In ALL, the application of an if-added rule is triggered by the assertion of a fact (into a slot from which the rule can be accessed) which matches the first predicate of the antecedent of the rule. One potential problem with this approach is that, if one is not careful, it can be the case that accessible rules, whose antecedents are entailed by the knowledge-base, may never fire. Consider, for example, a knowledge-base in which (r1 frame1 frame2) is known and we have a rule:
If we then assert (r2 frame2 frame3), this will not trigger the rule. We refer to this problem as if-added incompleteness . Algernon's solution to this problem is to complete the rule (when (r1 frame1 frame2) is added), by adding the shortened rule:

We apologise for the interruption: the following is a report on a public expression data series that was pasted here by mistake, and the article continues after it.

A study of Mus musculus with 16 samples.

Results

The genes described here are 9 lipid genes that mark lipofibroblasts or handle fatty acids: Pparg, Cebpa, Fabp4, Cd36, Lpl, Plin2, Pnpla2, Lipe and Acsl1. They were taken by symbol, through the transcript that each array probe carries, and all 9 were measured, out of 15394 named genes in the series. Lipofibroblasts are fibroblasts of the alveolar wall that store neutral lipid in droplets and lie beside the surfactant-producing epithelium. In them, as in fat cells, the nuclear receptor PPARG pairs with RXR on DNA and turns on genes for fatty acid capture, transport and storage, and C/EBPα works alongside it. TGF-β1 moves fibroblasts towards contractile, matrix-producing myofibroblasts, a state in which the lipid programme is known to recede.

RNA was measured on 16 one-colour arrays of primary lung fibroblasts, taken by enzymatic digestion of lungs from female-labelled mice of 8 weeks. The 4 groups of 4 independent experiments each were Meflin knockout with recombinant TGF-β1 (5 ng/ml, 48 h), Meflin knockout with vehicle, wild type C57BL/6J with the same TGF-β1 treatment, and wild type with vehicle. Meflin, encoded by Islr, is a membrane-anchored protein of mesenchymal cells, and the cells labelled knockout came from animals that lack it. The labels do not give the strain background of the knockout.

This rule is added to the selfset of frame2 (the selfset of a frame is the set consisting exactly of the frame). One might worry that rule completion would add a large number of rules to the knowledge-base and thus slow reasoning. However, since they are associated with selfsets, such rules are inaccessible to almost all operations.
One side effect of rule completion is that it requires one to be careful when removing facts from the knowledge-base (always a very dangerous operation). In the case above, if you later retract (r1 frame1 frame2), using (:clear-slot frame1 r1) for example, then the rule completion is not undone and the shortened rule remains. This is a symptom of the larger problem that Algernon generally expects to reason monotonically and is not prepared to `roll back' the assertion of a fact. If you want to be able to later retract a fact then you must enter it as an assumption (see section 2.2 above).